With Sky Deal, United Murdochs Take Care of Unfinished Business

  • Taking control of Sky in $14.1 billion deal would heal wounds
  • Father and sons said to work on transaction together

Rupert Murdoch.

Photographer: Drew Angerer/Bloomberg

James and Lachlan Murdoch were kids when their father bought into a little British outfit called Satellite Television 33 years ago. Now they’re helping Rupert Murdoch in his effort to take control of the company that grew into the European giant Sky Plc in a proposed $14.1 billion deal that would be the biggest in the media mogul’s half-century career.

Murdoch’s 21st Century Fox Inc., which owns 39 percent of Sky, reached a preliminary accord last week to acquire the rest of Europe’s top pay-TV company. Should the deal work out as planned, the 85-year-old billionaire would wrap up a piece of unfinished business five years after his first bid was derailed by a newspaper spying scandal, while his sons would lay the groundwork for the next chapter. The three Murdochs worked out the details together, according to people familiar with the situation.

“This is Rupert’s way of reclaiming part of his early TV glory,” said David Folkenflik, author of “Murdoch’s World” and a media correspondent with National Public Radio. “This is about pride and consolidation.”

Rupert Murdoch, the controlling shareholder in both Fox and News Corp., owned newspapers in his native Australia, the U.K. and the U.S. when he set his sights on film and television. He made the Satellite Television buy in 1983, two years before acquiring 20th Century Fox, the studio behind “Star Wars.” He kept adding TV and film assets, leading to the creation of the Fox broadcast network in America and a U.K. service.

The U.K. service and rival British Satellite Broadcasting spent millions competing for customers until Murdoch engineered a merger in 1990 to create the company that later became known as Sky. It then acquired rights to soccer’s English Premier League, the country’s most popular sports association. Much as Fox leveraged its National Football League contracts to become owner of one of the most-watched channels in the U.S., Sky used the Premier League to establish a dominant position in U.K. pay-TV. By 2000, Sky had signed up 4.5 million homes, or 80 percent of a market with lots of no-cost options.

After Sky went public in 1994, Murdoch continued to exercise considerable control, evidenced when he installed James as chief executive officer in 2003 over many shareholders’ objections. Then, in 2007, James became executive chairman of news international, overseeing the company’s U.K. newspapers, including the News of the World, as well as other holdings.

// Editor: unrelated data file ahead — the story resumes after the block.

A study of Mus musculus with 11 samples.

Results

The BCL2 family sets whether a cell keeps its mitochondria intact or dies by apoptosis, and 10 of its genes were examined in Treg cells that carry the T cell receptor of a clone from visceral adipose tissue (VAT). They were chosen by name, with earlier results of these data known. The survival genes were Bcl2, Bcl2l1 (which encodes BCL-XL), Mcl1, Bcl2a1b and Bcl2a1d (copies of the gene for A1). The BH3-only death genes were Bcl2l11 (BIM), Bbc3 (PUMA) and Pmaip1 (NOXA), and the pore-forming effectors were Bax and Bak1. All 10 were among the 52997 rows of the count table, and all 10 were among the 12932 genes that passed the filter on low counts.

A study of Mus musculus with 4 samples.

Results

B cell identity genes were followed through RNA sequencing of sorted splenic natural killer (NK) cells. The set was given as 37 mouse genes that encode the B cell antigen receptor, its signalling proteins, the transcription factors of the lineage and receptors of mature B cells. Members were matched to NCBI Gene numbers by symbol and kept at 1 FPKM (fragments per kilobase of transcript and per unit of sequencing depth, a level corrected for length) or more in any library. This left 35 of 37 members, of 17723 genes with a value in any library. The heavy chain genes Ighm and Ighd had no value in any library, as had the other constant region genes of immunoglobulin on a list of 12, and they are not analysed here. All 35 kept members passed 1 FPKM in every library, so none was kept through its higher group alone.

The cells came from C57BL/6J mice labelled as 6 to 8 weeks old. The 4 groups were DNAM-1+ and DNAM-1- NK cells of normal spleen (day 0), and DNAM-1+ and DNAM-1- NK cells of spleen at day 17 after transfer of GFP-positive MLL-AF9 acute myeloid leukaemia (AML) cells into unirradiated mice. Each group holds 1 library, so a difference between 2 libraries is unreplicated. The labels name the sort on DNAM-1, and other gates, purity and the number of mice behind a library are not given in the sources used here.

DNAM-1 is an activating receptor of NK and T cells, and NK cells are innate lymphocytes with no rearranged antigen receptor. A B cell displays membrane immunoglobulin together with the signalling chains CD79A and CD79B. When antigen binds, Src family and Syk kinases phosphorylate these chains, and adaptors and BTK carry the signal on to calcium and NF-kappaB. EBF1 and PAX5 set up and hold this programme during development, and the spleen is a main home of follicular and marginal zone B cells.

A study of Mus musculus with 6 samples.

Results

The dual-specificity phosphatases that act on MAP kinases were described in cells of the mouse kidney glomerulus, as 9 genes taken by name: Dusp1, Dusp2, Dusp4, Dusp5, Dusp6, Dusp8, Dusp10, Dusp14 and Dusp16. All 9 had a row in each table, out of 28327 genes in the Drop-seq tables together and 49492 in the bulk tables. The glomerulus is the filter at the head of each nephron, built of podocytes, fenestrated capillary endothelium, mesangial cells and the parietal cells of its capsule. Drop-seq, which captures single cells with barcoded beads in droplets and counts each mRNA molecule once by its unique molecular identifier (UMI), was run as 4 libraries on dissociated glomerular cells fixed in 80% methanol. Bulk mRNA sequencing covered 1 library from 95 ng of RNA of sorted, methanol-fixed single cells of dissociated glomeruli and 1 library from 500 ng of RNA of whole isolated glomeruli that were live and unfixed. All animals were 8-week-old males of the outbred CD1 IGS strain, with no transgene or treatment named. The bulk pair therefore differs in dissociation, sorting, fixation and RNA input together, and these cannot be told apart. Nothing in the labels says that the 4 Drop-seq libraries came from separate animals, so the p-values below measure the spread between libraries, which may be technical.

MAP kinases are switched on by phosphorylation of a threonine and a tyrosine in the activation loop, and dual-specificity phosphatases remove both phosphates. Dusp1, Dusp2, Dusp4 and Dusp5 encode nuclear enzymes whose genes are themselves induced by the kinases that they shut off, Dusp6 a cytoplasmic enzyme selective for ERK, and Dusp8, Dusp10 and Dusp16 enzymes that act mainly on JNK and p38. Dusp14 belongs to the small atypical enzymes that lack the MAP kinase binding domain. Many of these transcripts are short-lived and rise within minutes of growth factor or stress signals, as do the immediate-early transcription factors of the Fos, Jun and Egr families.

He remained in the job until shortly after the 2011 phone-hacking scandal that cost his father a cherished possession. News of the World closed within days after it came to light that the newspaper had spied on the voice mail of a 13-year-old murder victim. The mess sullied the Murdoch name, heightening regulatory scrutiny of his empire’s operations and forcing the patriarch to end his bid to gain control of Sky.

The family was disjointed and relationships strained. Lachlan, 45, initially viewed as his father’s presumptive successor, was off running an Australian TV business after resigning from his position as deputy chief operating officer at News Corp. in 2005. James spent the next few years in a lower-profile role in New York, then claimed the mantle of Fox CEO last July as Lachlan returned to be named co-chairman of Fox with his father.

James returned in April as Sky’s chairman, a title he’d had to relinquish in 2012. Rebekah Brooks, who left the company altogether amid the hacking scandal, came back last year to lead News Corp.’s U.K. subsidiary.

When another scandal erupted earlier this year, involving then-Fox News CEO Roger Ailes and allegations of sexual harassment, the Murdochs showed they’d learned a lesson by moving swiftly to oust the longtime executive.

All the while, the three Murdochs have been laying the groundwork for a return to full ownership of Sky. They spun off their newspaper assets, obviating most concerns about their share of the media market. Fox also sold Sky Italia and Sky Deutschland to Sky in a move that consolidated the brand, boosted sales and made it a bigger player in Europe.

James Murdoch, who turns 44 on Tuesday, has said in interviews and public appearances that holding a minority stake in Sky was untenable. Either they would buy the whole enterprise, or sell. Now the question is whether regulators and shareholders will allow them to claim the prize.

Sky shares rose 1.8 percent to 989.50 pence at 2:22 p.m. in London Tuesday, an 8 percent discount to Fox’s offer price of 1,075 pence. The gap is large enough to suggest some shareholders see a risk the deal won’t go through.